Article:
Sharing the books we are reading right now, or admitting that we are not really doing that actually.
Hot Pot is a weekly thing where we gather around a topic that happens to be on our minds, talking to each other and readers alike. If you’ve got a take of your own, you should join us in the comments below.
This week: what we’re reading (or pretending to read).
Melissa Chastang. An Email is Forever, or So You Want to Work at a Law Firm.
Randy Chen. Life After Law: Finding Work You Love with the JD You Have, by Liz Brown, JD. Thinks are pretty bleak right now here, too. Another book I saw that looked intriguing is The Wangs vs. the World by Jade Chang. The title alone is pretty great.
Jean Zhou Smyth. The Girl on The Train. To be honest, I don’t like the characters, but it is exciting. There’s a lot going on.
James Smyth. Now that I’m in grad school I’m printing reams of papers off Blackboard all day every day and would feel guilty about reading anything but Twitter for fun. That still hasn’t stopped me from indulging my tsundoku habit. For brevity’s sake I’ll only mention what book is on my mind at this moment, and that book is the Bibliotheca edition of the Bible that I ordered several life stages ago on Kickstarter and finally get to hold and read as soon as my family brings it over for Christmas.
Jay Zhu. God, I wish I had something better to offer. I’m currently in the lab doing vascular biology research. We have monthly journal clubs (which are like book clubs, but instead of reading and discussing book chapters, we hand pick scientific publications in our field of research). This was my month to present so naturally, I chose the article “TGFβ Triggers miR-143/145 Transfer From Smooth Muscle Cells to Endothelial Cells, Thereby Modulating Vessel Stabilization” by a group of Italian biologists. I don’t want to give away any spoilers, but suffice to say that opposing cell types dialogue with one another in dramatic fashion. Cells forming tunneling nanotubes and sending coded signals–some real convincing action. This was a particularly moving bar graph (http://circres.ahajournals.org/content/116/11/1753):
The plot is dense, and the pace plodding, but overall, 4.5 out of 5 stars.
Roaming Through Life. Just finished Invisible Man by Ralph Ellison. I read it because one of my (conservative white male) friends told me it was the only book he could remember ever having read by a black author. Relatedly or unrelatedly (I’m not sure which), I did not like it. Just started The Orphan Master’s Son last night. I’m only about 50 pages in, but I’m loving it.
Gina Brittney Ann. I just wrapped Americanah by Chimamanda Adichie and absolutely loved it. It sat on my bookshelf for entirely too long and once I finally picked it up, I couldn’t put it down (except for the times when colleagues kept pushing credit agreements in my face). Adichie is one of my favorite authors and I adore the way she unapologetically seems to keep surprising the world. Who knew that a woman could consider herself a feminist AND want to not be judged for enjoying makeup! Amirite?? I’m moving on to A Brief History of Seven Killings by Marlon James now, which is a heavy read (both literally and figuratively) by a fellow Jamaican. Color me green, gold, black and excited.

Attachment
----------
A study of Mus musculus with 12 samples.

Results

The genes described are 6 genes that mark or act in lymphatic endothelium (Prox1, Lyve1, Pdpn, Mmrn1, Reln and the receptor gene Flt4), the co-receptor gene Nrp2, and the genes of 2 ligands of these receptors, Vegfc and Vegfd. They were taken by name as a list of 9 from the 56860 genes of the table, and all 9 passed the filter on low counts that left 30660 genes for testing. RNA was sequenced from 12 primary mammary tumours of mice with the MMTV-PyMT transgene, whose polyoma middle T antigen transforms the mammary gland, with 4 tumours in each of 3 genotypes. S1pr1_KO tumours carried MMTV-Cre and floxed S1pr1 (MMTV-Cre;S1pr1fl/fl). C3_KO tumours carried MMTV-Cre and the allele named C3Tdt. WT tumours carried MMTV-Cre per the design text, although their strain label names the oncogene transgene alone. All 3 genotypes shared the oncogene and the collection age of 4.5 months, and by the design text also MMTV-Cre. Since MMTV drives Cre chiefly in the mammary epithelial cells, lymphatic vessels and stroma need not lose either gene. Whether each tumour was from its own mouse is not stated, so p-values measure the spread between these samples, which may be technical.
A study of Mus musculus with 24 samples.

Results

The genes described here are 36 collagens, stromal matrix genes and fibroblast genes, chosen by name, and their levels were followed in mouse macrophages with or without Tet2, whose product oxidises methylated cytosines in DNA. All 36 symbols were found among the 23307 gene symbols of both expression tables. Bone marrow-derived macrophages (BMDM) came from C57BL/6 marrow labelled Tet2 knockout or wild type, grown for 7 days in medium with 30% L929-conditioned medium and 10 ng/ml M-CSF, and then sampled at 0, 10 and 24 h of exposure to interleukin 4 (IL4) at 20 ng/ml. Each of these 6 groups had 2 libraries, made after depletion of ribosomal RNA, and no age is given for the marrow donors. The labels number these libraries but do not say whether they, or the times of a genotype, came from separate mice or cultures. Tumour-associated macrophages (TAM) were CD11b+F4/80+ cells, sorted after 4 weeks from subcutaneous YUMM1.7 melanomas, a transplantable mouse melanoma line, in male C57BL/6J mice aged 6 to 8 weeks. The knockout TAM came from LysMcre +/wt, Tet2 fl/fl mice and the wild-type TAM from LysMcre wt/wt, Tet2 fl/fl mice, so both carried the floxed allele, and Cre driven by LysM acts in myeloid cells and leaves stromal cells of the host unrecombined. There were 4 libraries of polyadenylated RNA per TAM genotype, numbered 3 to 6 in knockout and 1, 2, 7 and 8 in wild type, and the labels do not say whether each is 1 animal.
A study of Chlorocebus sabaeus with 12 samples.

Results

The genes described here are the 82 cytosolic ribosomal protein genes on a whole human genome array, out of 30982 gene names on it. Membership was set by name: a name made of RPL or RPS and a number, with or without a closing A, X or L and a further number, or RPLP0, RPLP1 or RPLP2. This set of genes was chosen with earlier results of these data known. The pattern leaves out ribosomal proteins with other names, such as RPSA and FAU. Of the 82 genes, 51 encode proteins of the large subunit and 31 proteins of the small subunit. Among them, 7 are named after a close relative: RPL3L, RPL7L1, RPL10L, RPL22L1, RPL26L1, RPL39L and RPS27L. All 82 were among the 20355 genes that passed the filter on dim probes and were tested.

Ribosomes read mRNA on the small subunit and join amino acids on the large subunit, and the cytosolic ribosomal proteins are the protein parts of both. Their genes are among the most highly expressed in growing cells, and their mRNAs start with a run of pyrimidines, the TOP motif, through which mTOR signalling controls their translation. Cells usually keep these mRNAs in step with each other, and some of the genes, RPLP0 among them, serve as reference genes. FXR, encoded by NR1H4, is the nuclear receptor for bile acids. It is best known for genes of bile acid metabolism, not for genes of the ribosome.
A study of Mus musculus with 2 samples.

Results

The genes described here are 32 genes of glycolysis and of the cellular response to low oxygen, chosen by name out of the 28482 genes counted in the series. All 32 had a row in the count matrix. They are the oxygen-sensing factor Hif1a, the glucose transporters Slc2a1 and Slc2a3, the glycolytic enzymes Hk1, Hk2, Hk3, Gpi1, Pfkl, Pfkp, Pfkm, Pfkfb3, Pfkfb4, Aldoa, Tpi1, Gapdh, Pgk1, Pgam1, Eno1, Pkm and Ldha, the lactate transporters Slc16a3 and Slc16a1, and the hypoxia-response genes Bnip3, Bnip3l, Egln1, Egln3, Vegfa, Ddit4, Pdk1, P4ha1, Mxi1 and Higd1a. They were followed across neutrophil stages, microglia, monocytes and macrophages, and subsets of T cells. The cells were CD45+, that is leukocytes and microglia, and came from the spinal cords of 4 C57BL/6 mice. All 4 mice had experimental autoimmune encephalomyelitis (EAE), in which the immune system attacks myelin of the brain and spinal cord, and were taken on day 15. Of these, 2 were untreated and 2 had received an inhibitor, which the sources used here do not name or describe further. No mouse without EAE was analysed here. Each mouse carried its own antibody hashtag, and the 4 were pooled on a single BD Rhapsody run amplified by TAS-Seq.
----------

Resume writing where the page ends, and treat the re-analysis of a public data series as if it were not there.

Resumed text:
Quiet Warrior. I tend to read three books at a time. Right now I’m reading Tramp for the Lord by Corrie Ten Boom , one of a my spiritual heroes (weird name, I know. Tramp as vagrant. The book is over 40 years old). She survived a Nazi concentration camp and then went around the world sharing her story. She has a way of making faith and trust in God so simple. I love short stories, particularly short stories by black authors. So I just bought Children of the Night: the Best Short Stories by Black Writers, 1967 -present. It’s over 500 pages and I hope to spend a lot of time reading it this break.
LavaLamp. I’m about a third of the way through The Magic Years by Selma H. Fraiberg. If ever there was an instruction manual for babies and kids, this is it. This was recommended to me by my psychoanalytic supervisor. Through personal kid anecdotes and clinical kid ones, Fraiberg tries to explain the world through the eyes of a kid throughout development. She talks about infants as scientists and magicians, that they start out with this super narcissistic and God-like sense that since they dropped their sippy cup, the entire Metropolitan area of Los Angeles has rain. This shifts to a broader understanding of the world, potty training, separation anxiety and then the big questions (“Who am I?”, “How can I return my little brother back to the store?”). This book is pretty amazing.
Wonderbread. I just started Between the World and Me by Ta-Nehisi Coates. Devastatingly written. It’s striking how much he at once writes like Baldwin but also doesn’t. His ability to put the inarticulable into words is incredible. And his grasp of history…. Can this man write all our textbooks please? Next on my list is MacCarthy on Cross-Examination by Terence MacCarthy. He’s one of the masters at it. My coworkers have given me great tips for cross, but sometimes you just gotta sit down with that book and cram it all into your brain.